Do Cyber-Physical Systems represent a technical revolution, with an impact similar to that of the changes incurred by the inventions of steam-engines, electrification and mass-production? If so, what are the indications of this and what can we learn from previous industrial revolutions?
With Industrie 4.0, CPS is described as representing a 4th industrial revolution (recall that Industrie 4.0 constitutes a domain specific incarnation of CPS within manufacturing – see my previous posting on this topic). The revolutions preceding CPS are described as (1) mechanical production facilitated by steam and water power; (2) mass-production and electricity, and (3) electronics and IT driving automation. The 4th revolution is then described as an “organizational” one, where existing technologies (e.g. communication, computing, sensors, 3D printing, etc.) have improved to the point that cost-efficient integration is able to provide entirely new services, performance and organizations. This numbering of industrial revolutions can be discussed, but this is not the main point here.
Industrial revolutions are typically associated with technological innovations where old and new technologies compete for a time, but where new technologies eventually provide cost-efficiency and radically better performance,. Industrial revolutions are also associated with new opportunities and new risks (compare exploding steam engines when they were introduced!), and with potentially drastic market changes, where new companies emerge and existing ones that fail to adopt the new technology face the risk of eradication. Examples from previous technical revolutions include for example the replacement of horses and carriages by steam- and combustion engine powered transportation, or the replacement of mechanical calculators by electronic calculators and computers.
In his essay on the steam engine and the computer, Herbert Simon revisits previous industrial revolutions an identifies that
- technological revolutions are slow; the first revolution (involving steam engines) took 150 years to change society – with 6 generations as a tentative time constant;
- there is no single technology - behind of revolution; rather there is a web of technologies, and moreover, technological change has to be accompanied by organizational change;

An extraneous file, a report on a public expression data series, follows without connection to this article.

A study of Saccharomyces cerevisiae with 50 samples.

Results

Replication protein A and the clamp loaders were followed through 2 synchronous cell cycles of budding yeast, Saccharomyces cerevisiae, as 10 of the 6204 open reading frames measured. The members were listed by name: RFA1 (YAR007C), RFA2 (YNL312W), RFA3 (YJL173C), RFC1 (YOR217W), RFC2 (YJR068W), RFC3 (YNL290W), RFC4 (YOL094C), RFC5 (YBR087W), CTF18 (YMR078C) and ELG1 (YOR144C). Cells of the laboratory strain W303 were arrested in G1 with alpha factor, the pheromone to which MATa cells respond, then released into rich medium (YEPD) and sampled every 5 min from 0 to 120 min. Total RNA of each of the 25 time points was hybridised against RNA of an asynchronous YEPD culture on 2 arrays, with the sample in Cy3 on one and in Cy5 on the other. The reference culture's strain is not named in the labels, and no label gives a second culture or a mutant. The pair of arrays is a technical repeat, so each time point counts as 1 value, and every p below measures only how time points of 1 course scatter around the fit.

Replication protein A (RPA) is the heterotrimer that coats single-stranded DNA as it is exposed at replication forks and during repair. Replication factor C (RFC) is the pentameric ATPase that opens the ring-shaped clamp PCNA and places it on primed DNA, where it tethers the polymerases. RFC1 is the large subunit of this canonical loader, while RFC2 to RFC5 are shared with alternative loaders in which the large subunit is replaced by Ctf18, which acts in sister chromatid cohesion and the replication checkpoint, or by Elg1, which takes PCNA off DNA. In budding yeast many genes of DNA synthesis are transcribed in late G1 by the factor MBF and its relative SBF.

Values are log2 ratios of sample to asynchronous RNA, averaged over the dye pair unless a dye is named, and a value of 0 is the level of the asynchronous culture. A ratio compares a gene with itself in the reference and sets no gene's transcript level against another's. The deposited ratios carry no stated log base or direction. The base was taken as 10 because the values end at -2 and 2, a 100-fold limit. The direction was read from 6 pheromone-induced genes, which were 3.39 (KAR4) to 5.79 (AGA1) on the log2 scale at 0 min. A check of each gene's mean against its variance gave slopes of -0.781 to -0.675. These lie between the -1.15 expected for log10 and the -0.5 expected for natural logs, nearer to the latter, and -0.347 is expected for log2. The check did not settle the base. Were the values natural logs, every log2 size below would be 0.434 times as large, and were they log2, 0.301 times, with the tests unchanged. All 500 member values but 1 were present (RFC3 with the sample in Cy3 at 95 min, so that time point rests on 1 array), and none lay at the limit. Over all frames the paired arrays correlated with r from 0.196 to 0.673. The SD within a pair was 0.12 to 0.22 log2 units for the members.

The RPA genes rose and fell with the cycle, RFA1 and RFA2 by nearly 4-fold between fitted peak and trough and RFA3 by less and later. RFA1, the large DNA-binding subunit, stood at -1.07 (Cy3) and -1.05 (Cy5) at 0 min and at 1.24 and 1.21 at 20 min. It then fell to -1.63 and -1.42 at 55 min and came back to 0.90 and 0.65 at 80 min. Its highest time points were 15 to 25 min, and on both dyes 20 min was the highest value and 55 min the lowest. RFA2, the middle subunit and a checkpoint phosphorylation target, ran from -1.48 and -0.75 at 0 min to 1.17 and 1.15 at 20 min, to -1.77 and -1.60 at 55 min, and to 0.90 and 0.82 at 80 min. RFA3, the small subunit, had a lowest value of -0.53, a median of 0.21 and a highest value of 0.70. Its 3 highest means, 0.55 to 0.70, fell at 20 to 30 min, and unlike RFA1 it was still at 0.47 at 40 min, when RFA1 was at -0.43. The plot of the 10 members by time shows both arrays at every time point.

- revolutionary significance lies in generality, to serve a number of purposes (in ways we would not even think possible); and finally that
- we shape the technological revolutions (for better or for worse) and most of the noticeable societal impact will become tangible during the 2nd half of the time of change.
Considering these insights from H. Simon, and what is happening now, there are many signs that we are indeed going through a technological revolution. Indications in this direction include the following:
- The ability to integrate and combines technologies from both cyber- and physical sides, provide unprecedented opportunities and capabilities. The current technological landscape provides a “melting pot” with cloud computing, connectivity, automation and AI, new sensing and actuation technologies, and more.
- Many new players are appearing, for example providing new cloud services related to CPS. There is also a multitude of acquisitions and new coalitions forming – the area of autonomous cars provides ample examples of this.
- Combining new technological capabilities with the adoption of non-conventional business models provide new opportunities for services and revenues. The provisioning of services instead of products provides one instance of this (so called servitization), for example referring to providing transportation services rather than selling cars.
- New risks and challenges are becoming emphasized with increasing connectivity and use of AI. An important example is that of cyber-security threats for CPS, and another potential threat is posed by misbehaving AI systems.
Considering the advice of from the past, and that we are part of an ongoing industrial revolution, there is no need for immediate panic, but it will be essential to strategically consider what the implications may be and how your organization should position itself.